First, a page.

July 4th is a great time to celebrate our nation’s independence with friends and family, outdoor activities and (of course) food. As Americans, this is a holiday where we traditionally love to go big. If you have diabetes, a little restraint and planning might be in order, but there’s no reason you can’t go big on fun. Here are a few tips from our clinical team to help keep you on track.
1. Call Ahead
Before going to a July 4th barbecue, do your homework. Check with the host to find out what goodies will be served and if they’ll be catered. If so, visit the restaurant’s website for nutrition information (more and more restaurants are making this information available).
If it’s a potluck, you’re in luck. Check out Diabetes Daily or some other friends in the DOC for some mouthwatering recipes you can prepare and bring to the party. You’ll be sure to have at least one dish with a carb count you know.
2. Test, Test, Test
On the day of the party, test your BG before the festivities begin and frequently throughout the day. Whether you’ve had well defined meals or it has been a day of “grazing,” make sure to test about two hours after eating. Also remember to test frequently if you’re playing volleyball in the back yard, jumping in the pool with the kids or any other activity.
3. Carb Count
Don’t forget to count carbs as best you can and follow your healthcare provider’s instructions about how much insulin to take to match those carbs. (This is where it’s helpful to have researched ahead of time.)
Look to online resources for lists of popular foods/ingredients and their carb counts or mobile apps like Carb Counting with Lenny that help you learn carb counting skills.
4. Talk to Your Doctor About Pump Settings
If your crowd likes to grill up some high-fat meats or if you tend to snack all day long on July 4th, you might want to talk to your doctor about variable boluses [http://www.medtronicdiabetes.com/help/lifestyle/nutrition/index.html#high-carbohydrate-meals] The dual wave bolus gives part of the bolus right away and the other part over time while the square wave bolus delivers insulin in a way that more closely matches the carbohydrate digestion of prolonged meals. Talk with your healthcare provider before the big holiday to see if one of these might make sense for you.
5. Take Care of Your Pump
If you’re one of the millions of people who head to the beach or the lake for the weekend, revisit Naomi’s post on how to prevent moisture damage.
6. Be Careful With the Alcohol
If you’re of legal age and want to enjoy an alcoholic beverage, remember that drinking can affect your blood sugar. Be sure to know your limit and check out Dr. Kaufman’s tips on drinking alcohol.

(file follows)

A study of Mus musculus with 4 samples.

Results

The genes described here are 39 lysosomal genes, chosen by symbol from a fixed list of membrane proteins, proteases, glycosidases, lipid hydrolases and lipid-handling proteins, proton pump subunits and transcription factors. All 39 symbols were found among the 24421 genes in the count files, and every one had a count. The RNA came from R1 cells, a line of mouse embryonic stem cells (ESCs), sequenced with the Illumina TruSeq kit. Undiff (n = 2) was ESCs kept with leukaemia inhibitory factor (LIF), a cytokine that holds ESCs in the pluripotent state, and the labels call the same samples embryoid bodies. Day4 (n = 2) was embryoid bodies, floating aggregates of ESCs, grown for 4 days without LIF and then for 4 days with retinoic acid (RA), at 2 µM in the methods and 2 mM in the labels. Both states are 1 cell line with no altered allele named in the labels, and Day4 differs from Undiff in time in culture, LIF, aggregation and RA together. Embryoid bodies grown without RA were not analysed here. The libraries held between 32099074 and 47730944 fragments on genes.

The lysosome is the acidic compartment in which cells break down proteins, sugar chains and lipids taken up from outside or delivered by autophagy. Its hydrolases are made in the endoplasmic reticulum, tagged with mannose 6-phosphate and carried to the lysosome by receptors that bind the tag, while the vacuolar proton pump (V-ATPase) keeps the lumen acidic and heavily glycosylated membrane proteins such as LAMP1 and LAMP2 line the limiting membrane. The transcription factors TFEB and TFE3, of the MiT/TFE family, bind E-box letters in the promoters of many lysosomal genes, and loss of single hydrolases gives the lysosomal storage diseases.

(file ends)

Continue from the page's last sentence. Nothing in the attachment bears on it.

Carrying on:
At the end of the day as you sit back and watch the fireworks, if you’ve had a good day within target BG numbers, congratulations and job well done! If not, don’t beat yourself up. Think back on the thing that may have affected your diabetes, what you did to react to that, and what adjustments could have been made. Finally, take a mental note and store it for the next time an event like this comes along.
IMPORTANT SAFETY INFORMATION
– Medtronic Diabetes insulin infusion pumps, continuous glucose monitoring systems and associated components are limited to sale by or on the order of a physician and should only be used under the direction of a healthcare professional familiar with the risks associated with the use of these systems.
– Successful operation of the insulin infusion pumps and/or continuous glucose monitoring systems requires adequate vision and hearing to recognize alerts and alarms.
Medtronic Diabetes Insulin Infusion Pumps
– Insulin pump therapy is not recommended for individuals who are unable or unwilling to perform a minimum of four blood glucose tests per day.
– Insulin pumps use rapid-acting insulin. If your insulin delivery is interrupted for any reason, you must be prepared to replace the missed insulin immediately.
Medtronic Diabetes Continuous Glucose Monitoring (CGM) Systems
– The information provided by CGM systems is intended to supplement, not replace, blood glucose information obtained using a home glucose meter. A confirmatory fingerstick is required prior to treatment.
– Insertion of a glucose sensor may cause bleeding or irritation at the insertion site. Consult a physician immediately if you experience significant pain or if you suspect that the site is infected.
Please visit MedtronicDiabetes.com/isi for complete safety information.